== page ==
This year’s World Mental Health Day onTuesday, 10 October will focus on raising awareness of the importance of good mental health at work – an initiative fully supported by North Yorkshire County Council.
A survey by the Mental Health Foundation found that 86 per cent of respondents believed that their job and being at work was important to protecting and maintaining their mental health. Having an effective and supportive approach to mental health at work can help to ensure that individuals experiencing mental health issues can continue in paid employment and can help to improve sickness absence rates due to stress or mental ill health.
“Work can play a very important part in supporting and protecting mental health,” said County Councillor Caroline Dickinson, North Yorkshire’s Executive Member for Public Health, Prevention and Supported Housing. “We can have good or poor mental health, just as we have varying physical health, and we can all experience changes in our mental wellbeing from time to time. This can be anxiety, stress or a more serious mental health condition.
“And being in a positive, supportive working environment can be hugely beneficial for people dealing with mental health issues. That is why we are proud that North Yorkshire County Council is signed up to the Charter to be a Mindful Employer and is supporting World Mental Health Day once again this year.”
The Charter for Employers who are Positive about Mental Health is one part of the national Mindful Employer initiative, which is aimed at increasing awareness of mental health in the workplace and providing support to employers in recruiting and retaining staff who may have mental issues or have suffered discrimination because of them in the past.
Since signing up to the Charter in 2016, NYCC has been building on current good practice and putting in place further initiatives to promote good mental health. This includes a review of employee policies which can improve mental wellbeing, forming a task group including staff who have experienced mental health issues at work and developing further advice and training for managers, so they can support their employees even more.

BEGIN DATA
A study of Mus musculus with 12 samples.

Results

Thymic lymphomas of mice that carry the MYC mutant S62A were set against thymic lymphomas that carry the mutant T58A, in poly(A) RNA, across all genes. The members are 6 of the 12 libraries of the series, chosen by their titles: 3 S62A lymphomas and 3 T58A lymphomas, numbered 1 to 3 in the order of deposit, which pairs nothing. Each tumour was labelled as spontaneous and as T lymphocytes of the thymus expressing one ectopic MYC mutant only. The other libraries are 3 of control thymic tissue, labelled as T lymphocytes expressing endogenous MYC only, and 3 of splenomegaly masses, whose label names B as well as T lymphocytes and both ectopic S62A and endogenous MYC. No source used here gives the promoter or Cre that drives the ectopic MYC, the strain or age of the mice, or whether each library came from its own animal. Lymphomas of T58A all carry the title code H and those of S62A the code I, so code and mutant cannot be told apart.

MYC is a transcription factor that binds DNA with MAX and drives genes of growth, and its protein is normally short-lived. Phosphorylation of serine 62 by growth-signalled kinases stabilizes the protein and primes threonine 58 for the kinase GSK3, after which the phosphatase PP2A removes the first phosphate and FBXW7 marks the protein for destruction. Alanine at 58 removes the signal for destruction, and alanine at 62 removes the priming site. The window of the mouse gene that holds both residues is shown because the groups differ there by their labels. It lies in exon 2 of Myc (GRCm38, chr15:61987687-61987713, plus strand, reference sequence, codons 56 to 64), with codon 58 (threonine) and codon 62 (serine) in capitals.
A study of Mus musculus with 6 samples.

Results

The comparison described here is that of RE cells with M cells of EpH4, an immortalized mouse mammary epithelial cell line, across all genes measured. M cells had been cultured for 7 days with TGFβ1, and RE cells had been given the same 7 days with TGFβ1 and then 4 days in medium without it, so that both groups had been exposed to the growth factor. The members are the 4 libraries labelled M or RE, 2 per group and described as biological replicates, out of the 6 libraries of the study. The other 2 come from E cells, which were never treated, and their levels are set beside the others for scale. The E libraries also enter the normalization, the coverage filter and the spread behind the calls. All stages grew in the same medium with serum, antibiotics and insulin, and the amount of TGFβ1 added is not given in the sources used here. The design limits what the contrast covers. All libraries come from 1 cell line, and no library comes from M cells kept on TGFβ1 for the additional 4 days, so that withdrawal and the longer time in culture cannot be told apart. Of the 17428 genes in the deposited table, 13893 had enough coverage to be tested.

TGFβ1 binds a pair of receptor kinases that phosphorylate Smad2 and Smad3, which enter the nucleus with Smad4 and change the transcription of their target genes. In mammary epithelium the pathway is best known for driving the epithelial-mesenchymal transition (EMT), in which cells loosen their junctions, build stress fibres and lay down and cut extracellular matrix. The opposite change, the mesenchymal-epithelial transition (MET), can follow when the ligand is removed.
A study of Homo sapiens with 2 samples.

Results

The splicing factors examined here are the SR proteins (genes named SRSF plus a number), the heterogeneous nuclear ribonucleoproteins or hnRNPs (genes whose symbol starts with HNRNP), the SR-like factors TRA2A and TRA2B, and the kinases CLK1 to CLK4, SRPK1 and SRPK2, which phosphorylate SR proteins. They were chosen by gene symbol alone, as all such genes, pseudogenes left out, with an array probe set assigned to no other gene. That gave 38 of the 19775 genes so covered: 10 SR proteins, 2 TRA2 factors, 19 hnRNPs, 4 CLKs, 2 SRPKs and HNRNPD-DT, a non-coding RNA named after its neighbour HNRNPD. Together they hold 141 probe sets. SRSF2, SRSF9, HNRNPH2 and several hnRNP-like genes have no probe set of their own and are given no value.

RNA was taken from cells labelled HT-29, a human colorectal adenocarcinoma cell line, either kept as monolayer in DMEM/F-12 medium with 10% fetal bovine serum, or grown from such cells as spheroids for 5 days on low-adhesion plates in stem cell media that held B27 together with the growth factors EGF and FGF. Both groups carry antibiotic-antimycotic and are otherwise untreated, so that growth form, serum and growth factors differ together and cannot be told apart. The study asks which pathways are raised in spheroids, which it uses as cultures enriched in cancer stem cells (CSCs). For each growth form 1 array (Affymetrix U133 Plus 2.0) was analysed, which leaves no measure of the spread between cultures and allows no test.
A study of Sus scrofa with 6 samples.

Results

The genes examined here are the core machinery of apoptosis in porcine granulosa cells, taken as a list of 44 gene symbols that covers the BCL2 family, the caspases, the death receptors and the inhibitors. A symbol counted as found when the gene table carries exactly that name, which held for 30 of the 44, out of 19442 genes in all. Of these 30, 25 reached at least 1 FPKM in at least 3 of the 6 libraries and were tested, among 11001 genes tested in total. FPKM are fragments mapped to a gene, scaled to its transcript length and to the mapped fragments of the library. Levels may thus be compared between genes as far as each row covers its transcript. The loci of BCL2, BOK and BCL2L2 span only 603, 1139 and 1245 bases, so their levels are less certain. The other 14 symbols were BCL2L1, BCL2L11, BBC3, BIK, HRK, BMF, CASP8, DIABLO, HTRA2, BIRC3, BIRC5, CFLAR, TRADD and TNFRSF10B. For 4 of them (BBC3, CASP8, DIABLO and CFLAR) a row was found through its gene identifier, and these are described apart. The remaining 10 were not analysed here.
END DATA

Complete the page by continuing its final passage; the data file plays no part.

Mental health campaigns have been promoted at NYCC, including World Mental Health Week, where employees were encouraged to consider the Five Ways to Wellbeing (Connect, Take Notice, Be Active, Learn and Give) and Time To Talk Day, when staff shared their personal experiences of mental health issues.
“The Mindful Employer Charter gives a clear message that NYCC is positive about mental health,” said Cllr Dickinson. “It forms part of a programme of work that includes improving the experiences of employees with mental ill-health, and also takes a wider preventative approach to improve the mental health and wellbeing of all our employees, and supports the aims and objectives of the North Yorkshire mental health strategy - called Hope, Control and Choice - and the mental health Crisis Care Concordat work that NYCC is carrying out alongside partner organisations.
“I’d also like to say thank you to Gareth Atkinson, one of our NYCC employees, who has been raising awareness about mental health in the workplace. Gareth, who has personal experience of mental ill health, is a keen photographer - a hobby he has found has helped his battle with anxiety. He is raising funds for ‘Young Minds’ through sales of his 2018 nature calendar. ‘Young Minds’ is a national organisation which provides mental health support for young people.”